Supply Chain Management: Theory of Constraints
The Theory of Constraints (TOC) is one of the simplest, most powerful supply chain concepts. The basic idea is that every process is limited by some kind of constraint (think of the saying, “A chain is only as strong as its weakest link”). TOC is really about tuning an entire supply chain to run at the same pace as the slowest step in the process.
There are many examples of how constraints actually control all of the processes around us. In the world of auto racing, there are times when you need to limit the speed at which cars travel around the track, so you send out a pace car that no one is allowed to pass. When you’re draining a bathtub, the rate at which water flows out is constrained by the size of your drain.
In other words, the most restrictive step in a process is the one that constrains the entire system. TOC helps you focus improvement efforts on the constraints because that is where you can have the greatest effect on the supply chain.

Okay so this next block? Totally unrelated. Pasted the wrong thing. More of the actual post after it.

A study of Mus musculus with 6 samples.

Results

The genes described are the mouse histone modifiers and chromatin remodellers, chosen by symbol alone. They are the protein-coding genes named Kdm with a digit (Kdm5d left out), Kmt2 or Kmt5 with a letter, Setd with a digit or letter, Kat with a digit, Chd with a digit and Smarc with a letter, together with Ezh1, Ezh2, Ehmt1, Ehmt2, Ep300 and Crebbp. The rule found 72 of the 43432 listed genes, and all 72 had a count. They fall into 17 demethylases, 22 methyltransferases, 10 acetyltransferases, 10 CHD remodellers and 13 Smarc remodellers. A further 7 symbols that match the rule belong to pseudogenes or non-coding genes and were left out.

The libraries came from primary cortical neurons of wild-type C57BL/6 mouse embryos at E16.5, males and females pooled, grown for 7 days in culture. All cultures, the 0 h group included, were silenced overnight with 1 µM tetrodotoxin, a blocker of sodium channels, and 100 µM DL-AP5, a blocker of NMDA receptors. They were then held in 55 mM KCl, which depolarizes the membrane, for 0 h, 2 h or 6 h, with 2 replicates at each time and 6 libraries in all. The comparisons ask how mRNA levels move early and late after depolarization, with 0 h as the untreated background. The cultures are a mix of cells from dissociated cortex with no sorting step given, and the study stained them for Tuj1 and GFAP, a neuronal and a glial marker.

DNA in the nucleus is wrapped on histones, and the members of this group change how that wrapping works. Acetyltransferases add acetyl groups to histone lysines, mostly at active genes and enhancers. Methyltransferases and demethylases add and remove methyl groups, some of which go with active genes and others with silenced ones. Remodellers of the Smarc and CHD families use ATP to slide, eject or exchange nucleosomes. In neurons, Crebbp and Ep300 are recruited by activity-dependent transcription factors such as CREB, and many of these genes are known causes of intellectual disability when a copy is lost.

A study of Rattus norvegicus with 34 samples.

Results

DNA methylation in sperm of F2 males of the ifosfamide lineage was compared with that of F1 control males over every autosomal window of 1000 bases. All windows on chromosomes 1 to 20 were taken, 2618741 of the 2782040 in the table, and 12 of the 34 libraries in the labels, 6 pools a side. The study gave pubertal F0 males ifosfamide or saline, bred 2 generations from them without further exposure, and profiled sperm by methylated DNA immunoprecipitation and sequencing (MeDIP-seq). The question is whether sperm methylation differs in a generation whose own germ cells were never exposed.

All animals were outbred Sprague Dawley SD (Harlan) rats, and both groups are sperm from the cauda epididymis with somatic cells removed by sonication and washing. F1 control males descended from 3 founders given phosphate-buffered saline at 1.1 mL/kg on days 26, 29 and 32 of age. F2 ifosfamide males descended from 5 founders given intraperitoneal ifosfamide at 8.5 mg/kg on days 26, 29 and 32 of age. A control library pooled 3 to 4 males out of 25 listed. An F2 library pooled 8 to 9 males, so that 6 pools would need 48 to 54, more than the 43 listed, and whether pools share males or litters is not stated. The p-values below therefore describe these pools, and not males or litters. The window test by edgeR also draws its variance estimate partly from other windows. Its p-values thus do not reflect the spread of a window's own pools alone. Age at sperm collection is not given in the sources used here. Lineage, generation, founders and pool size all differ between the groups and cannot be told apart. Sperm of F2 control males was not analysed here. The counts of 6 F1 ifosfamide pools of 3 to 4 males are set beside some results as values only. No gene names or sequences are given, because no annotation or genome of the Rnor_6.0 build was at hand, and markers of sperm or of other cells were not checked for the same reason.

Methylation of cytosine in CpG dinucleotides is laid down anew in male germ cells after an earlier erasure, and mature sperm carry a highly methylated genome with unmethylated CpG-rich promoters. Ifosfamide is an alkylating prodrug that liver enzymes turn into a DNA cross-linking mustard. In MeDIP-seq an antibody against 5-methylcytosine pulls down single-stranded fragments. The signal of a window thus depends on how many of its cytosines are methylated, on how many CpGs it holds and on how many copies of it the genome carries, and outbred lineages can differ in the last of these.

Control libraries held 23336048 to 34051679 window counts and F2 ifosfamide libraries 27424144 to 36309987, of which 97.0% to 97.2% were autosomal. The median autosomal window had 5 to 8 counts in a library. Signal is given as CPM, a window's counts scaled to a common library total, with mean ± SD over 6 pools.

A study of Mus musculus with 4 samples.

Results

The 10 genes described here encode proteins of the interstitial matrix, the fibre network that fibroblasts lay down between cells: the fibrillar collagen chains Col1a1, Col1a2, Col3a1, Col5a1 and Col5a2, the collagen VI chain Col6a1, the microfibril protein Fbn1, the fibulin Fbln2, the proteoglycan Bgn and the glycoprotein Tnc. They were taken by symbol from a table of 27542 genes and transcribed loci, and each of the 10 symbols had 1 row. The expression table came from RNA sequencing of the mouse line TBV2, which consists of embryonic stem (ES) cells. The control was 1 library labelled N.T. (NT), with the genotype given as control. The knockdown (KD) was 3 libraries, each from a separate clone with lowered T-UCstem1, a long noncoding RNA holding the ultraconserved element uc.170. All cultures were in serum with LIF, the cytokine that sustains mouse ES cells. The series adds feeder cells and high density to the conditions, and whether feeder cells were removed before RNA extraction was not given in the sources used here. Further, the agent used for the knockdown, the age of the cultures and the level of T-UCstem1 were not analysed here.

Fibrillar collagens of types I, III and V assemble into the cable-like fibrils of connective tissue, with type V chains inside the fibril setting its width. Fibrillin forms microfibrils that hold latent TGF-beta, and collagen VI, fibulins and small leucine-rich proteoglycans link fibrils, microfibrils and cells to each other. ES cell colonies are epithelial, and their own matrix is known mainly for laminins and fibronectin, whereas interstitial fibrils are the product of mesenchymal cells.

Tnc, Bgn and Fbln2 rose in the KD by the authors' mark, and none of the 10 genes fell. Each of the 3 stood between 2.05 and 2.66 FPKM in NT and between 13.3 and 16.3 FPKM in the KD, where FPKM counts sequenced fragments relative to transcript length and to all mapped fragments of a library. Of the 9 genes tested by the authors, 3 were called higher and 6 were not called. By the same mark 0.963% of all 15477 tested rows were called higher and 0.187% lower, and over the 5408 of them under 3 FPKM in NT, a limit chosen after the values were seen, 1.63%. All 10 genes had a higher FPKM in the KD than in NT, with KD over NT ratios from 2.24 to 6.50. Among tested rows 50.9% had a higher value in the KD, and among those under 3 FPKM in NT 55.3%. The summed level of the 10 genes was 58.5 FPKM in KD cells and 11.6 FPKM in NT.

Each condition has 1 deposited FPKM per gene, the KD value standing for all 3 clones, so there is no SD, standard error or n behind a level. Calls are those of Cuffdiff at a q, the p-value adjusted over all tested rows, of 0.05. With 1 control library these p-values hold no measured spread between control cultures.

After you find the constraint, you have two choices:
- Slow all the other steps down so that they run at the same speed as the constraining step. This will prevent the buildup of inventory between the steps in your process.
- Improve the constraint so that the entire system moves faster. As you continue to improve the constraint (perhaps by using Six Sigma), eventually, it reaches the point where it’s no longer the slowest step in your process. In other words, it stops being your constraint. Some other step becomes the constraint that’s limiting your process, and the cycle starts again.
The Theory of Constraints was made popular with a novel called The Goal by Eliyahu M. Goldratt (North River Press, 2014). Herbie was one of the fictional characters in the book, and his name has since been adopted into the jargon of TOC as a way of describing the constraining step in any process. Although looking for a constraint may sound obvious, the problem is that constraints are often hard to find. When a constraint is at the beginning of a process (like a pace car) or at the end of a process (like a bath drain) then the process is probably stable. When a constraint occurs in the middle of a process, the constraint can cause chaos. For example, a machine in the middle of an assembly line that breaks down might be a Herbie. But until you look at it from the perspective of TOC, people might not see how the starts and stops of that one machine actually cause inefficiencies throughout the whole supply chain and lower the company’s overall capacity.